Early in the fourth quarter Monday night, the Spurs were up to their old tricks again, swinging the ball around the floor for easy buckets. This time, Rudy was the beneficiary.
That’s awfully pretty, but it’s hard to see all the hard work and good decisions that went into generating such a great look from that angle. Here’s the whole play.
The Marco Belinelli / LaMarcus Aldridge pick and roll generates a switch, and just about the worst kind for an opposing defense. There’s simply no way Jalen Brunson, a 6’3” 190 lb. point guard, has a chance in the paint against Aldridge. He tries to front, but Dwight Powell falls for a ball fake, and gives Belinelli a chance to lob the ball over the top. Maxi Kleber doubles on the catch, so LMA calmly takes one dribble out towards the perimeter to get a little space, and pull the double a little farther away from the basket.
On the opposite side of the floor, J.J. Barea drops to the level of the ball to take away the potential pass to Rudy Gay in the corner. That leaves two Mavericks - Powell and Dorian Finney-Smith - to guard three Spurs - Belinelli, DeMar DeRozan, and Bryn Forbes.
Once Aldridge picks the ball up, Brunson should either abandon the double or commit fully to the trap, but he does neither. He’s still committed to Aldridge, but not close enough to affect the pass. Marco moves along the arc towards LaMarcus opening up a passing lane to him, and also creating room for a pass to DeMar at the top, since Powell stayed with Marco on the move.
That pass to DeRozan is probably the better choice in this case, which is hard to say given the end result of this play, but it likely ends up producing the same shot, just a little faster and with fewer high-risk passes. Finney-Smith would pick up DeRozan, and DeMar would swing it to Forbes. Bryn would have Barea coming at him, so he’d swing it to Gay. The ball would spend less time in the air, making it even harder for the Mavs to rotate.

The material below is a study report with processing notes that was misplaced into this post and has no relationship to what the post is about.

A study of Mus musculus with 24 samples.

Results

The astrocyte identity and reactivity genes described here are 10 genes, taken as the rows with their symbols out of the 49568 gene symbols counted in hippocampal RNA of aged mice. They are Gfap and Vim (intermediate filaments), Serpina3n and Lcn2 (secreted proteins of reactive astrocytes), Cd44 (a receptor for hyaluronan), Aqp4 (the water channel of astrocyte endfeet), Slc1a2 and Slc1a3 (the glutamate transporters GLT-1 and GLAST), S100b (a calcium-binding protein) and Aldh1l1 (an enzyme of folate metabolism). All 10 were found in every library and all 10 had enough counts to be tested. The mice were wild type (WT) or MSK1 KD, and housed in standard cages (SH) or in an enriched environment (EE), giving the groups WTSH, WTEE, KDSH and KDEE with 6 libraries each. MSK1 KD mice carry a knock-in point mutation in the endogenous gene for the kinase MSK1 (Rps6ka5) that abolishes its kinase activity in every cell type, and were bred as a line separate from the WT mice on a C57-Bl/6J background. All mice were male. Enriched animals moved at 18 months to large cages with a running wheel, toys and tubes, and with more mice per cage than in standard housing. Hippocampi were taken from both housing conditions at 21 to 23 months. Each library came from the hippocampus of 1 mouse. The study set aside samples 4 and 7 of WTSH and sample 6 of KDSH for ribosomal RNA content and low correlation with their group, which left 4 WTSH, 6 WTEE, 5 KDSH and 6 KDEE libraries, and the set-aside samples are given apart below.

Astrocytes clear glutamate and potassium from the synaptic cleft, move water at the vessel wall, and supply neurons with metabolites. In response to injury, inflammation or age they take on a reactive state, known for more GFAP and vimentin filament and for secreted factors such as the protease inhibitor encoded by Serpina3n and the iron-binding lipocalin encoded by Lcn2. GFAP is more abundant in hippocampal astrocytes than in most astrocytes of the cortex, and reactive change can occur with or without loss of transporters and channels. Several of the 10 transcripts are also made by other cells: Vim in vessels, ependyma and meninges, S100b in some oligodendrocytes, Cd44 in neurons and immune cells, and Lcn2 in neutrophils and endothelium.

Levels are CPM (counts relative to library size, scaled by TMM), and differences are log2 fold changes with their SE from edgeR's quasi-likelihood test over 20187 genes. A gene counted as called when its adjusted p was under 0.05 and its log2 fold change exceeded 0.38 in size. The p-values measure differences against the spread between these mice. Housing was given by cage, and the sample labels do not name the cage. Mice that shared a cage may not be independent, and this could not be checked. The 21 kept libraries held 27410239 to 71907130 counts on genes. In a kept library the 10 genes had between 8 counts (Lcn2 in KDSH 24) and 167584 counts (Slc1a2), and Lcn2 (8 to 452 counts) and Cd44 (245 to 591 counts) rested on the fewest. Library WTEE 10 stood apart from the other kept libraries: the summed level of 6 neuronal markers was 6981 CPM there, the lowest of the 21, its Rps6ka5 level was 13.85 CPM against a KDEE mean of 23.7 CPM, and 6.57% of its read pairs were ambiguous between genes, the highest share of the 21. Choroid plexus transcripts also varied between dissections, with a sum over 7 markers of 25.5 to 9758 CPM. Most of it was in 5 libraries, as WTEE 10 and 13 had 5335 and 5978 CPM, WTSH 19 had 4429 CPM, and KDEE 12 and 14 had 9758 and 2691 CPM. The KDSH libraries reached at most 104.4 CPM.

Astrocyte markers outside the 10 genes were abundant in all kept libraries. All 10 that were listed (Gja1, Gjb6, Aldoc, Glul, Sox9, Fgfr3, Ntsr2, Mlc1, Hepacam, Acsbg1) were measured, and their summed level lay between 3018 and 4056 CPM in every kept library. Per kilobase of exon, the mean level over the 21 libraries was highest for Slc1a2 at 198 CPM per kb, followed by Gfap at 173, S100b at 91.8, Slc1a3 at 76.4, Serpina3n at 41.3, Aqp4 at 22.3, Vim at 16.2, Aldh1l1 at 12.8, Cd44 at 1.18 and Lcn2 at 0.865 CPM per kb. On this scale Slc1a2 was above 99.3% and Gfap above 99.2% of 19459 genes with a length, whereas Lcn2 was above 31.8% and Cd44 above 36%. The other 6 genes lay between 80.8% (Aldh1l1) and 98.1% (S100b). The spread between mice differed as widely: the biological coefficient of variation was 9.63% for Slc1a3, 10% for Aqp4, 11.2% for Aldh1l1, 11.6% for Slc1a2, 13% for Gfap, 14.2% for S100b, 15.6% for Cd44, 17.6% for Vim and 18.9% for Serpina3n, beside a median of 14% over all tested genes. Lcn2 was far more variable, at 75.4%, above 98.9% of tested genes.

That’s not the choice Aldridge makes though. He kicks the ball out to Belinelli on the move against a rotating defense. Just as he catches the ball, Marco checks the alignment on the floor and sees he also has two options. DeRozan at the top of the key and Forbes on the opposite wing. Finney-Smith moves towards DeMar, so Marco throws a sailing skip pass high enough that Bryn has to jump to make a clean catch.
Forbes is shooting 45.5% from three so far this season, so Barea has to close out to him, leaving Gay open in the corner. Bryn wastes no time and makes the next pass while still in the air. Rudy catches the ball with just enough time to gather and shoot an open corner three before Brunson can make it all the way across the court.
The degree of difficulty here is higher than it needs to be, but they still get the job done. Having Bryn Forbes and Rudy Gay on the opposite side of the floor puts a lot of stress on the defense, and when the Spurs make quick decisions and accurate passes out of double teams, the end result will continue to look like this.
The team has struggled with that to some extent so far this year. Opponents have gotten away with doubling LaMarcus Aldridge far too much. If the Spurs can continue to capitalize on these opportunities, that will make life a lot easier for him down low.